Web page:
Growing up on the west side of Detroit had a profound effect on how I dealt with being a young African American in the United States.
Detroit is the most populated primarily black major city in the country, and with the exception of midtown and downtown, the disproportion is apparent in any neighborhood in the municipality. Furthermore, Detroit is proud of its rich black history, including the elegance of Motown, sports legends such as Joe Louis, and pioneering politicians such as Coleman Young.
We even sport one of the few African American history museums in the United States.
How, then, educated and surrounded by such beautiful history, did I never learn to celebrate Juneteenth, the very day that allowed for freedom in this country?
Juneteenth, sometimes referred to as Freedom Day, marks the commemoration of the announcement to Texas that slavery had been abolished throughout the Confederate states. Essentially, it lives on as a celebration of the ending of slavery. However, despite its importance, and perhaps speaking to the nature of our country, Juneteenth is not officially recognized as a national holiday (although it is recognized as a state or ceremonial holiday in 45 states and the District of Columbia).
In all my years of adolescence, I never knew anyone who celebrated Juneteenth. Even as a student at Washington University, I know of only a few fellow students who are celebrating the event in any capacity. It isn’t that my black peers and I lack joy for the commemoration of our freedom attainment, but rather, we were barely educated about the holiday at all.
To my great pride, I was recently provided with an opportunity to connect with the Juneteenth holiday in a way I never imagined that I would.
In May I was selected by Washington University’s Gephardt Institute as an Arts as Civic Engagement fellow. As part of this program, I was partnered with The Griot Museum of Black History to work in-house on programs and events. The first event I was tasked with coordinating was its “40 Acres and a Mule” Juneteenth celebration.
A now-annual event that had its inaugural offering last year, The Griot’s Juneteenth event is a celebration involving art, music, food and live historical interpretations.
The event doubles as a fundraiser for the museum, as a portion of the event is dedicated to an art sale and auction containing donated works from St. Louis artists who create Juneteenth-themed pieces to be sold at the event. When an attendee purchases an artwork, they have a piece of Juneteenth to carry with them through the rest of the year.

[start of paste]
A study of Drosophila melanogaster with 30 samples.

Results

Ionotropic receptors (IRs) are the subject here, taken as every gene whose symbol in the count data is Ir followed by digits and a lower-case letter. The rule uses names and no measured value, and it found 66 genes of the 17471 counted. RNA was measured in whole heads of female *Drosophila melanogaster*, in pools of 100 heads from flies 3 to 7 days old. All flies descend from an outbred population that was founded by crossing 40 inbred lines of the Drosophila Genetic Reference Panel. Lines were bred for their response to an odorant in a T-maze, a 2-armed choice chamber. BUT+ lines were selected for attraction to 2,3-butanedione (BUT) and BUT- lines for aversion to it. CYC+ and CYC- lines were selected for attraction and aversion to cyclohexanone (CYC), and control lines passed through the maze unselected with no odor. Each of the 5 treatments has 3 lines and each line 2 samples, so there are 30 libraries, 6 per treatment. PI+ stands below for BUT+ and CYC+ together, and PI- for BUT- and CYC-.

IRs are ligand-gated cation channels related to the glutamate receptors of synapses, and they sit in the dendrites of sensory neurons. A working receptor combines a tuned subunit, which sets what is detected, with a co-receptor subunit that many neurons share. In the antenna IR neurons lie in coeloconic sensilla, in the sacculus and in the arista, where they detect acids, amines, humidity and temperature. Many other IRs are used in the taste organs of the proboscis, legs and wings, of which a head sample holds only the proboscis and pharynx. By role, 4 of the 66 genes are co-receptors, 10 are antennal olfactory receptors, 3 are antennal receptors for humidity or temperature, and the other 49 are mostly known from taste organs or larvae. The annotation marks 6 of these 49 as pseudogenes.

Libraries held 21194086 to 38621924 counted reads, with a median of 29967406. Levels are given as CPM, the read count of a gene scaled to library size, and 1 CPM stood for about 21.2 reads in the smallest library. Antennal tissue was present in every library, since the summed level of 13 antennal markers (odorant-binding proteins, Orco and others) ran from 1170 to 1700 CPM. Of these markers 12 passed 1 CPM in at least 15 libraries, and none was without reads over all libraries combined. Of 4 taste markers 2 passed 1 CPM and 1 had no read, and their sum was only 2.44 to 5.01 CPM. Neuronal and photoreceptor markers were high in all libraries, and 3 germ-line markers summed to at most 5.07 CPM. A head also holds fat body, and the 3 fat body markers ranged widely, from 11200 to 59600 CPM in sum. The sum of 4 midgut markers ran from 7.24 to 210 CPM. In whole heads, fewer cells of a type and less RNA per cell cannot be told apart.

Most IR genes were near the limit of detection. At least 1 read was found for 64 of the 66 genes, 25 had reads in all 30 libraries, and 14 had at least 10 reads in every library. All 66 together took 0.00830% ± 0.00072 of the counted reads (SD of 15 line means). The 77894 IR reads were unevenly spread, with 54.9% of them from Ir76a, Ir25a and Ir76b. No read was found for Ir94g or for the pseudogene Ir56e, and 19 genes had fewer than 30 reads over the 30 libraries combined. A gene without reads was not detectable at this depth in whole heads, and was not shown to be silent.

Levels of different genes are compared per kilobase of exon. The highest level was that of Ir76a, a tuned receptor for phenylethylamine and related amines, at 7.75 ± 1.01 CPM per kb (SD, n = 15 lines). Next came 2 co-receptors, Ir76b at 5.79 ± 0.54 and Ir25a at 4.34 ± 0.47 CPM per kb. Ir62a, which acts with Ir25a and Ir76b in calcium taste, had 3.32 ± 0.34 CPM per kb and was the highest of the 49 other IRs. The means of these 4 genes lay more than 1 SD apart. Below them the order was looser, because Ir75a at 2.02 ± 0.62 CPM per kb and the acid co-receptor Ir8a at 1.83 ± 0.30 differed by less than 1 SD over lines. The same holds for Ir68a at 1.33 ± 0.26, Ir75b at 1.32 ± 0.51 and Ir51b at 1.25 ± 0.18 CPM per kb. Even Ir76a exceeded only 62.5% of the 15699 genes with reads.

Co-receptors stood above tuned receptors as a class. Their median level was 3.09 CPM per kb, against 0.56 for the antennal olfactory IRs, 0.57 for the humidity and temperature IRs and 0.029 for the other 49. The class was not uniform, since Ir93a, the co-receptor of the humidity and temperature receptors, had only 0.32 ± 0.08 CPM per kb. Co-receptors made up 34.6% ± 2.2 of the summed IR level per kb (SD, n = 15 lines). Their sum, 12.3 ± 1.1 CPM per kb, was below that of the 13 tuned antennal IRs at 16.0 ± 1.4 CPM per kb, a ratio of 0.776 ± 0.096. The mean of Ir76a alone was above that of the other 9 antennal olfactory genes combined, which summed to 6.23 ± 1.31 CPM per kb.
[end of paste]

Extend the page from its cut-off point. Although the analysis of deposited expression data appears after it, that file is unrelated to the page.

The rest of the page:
Last year, “40 Acres and a Mule” displayed more than 100 artworks for sale and was attended by more than 150 people.
The Griot, at 2505 Saint Louis Avenue in St. Louis’ Old North neighborhood, is the perfect place to hold a celebration of such a beautiful moment in black history. Formerly known as the Black World History Wax Museum, the museum was renamed in 2009. In some African countries, a “griot” is a respected community member who collects and shares stories and objects of the group.
The museum was founded by Lois Conley, and she still works as the executive director, ensuring The Griot continues to be a center of community and St. Louis history. Today, The Griot exists as a shining example of how African Americans can take control of our own narratives. By holding events such as this Juneteenth celebration, The Griot provides a space both to learn about the history of the holiday and to celebrate its glory.
On an individual level, the opportunity to coordinate this event has allowed me to connect with my new community in a way that I otherwise would not have. I am afforded an opportunity to meet fellow artists, native St. Louisans and other young people who are looking for a means to celebrate the emancipation.
Juneteenth is a celebration that all Americans should participate in. America prides itself on providing freedom, and thus, the attainment of those freedoms is cause for just commemoration. Although I wish I had been given the opportunity in my youth to observe the holiday, I am filled with jubilation that my first celebration will be within The Griot’s unique community space.
This year will be my first time spending the holiday in celebration, but it certainly won’t be the last.
Rob Hall is a resident with The Griot Museum of Black History and studies at Washington University in St. Louis.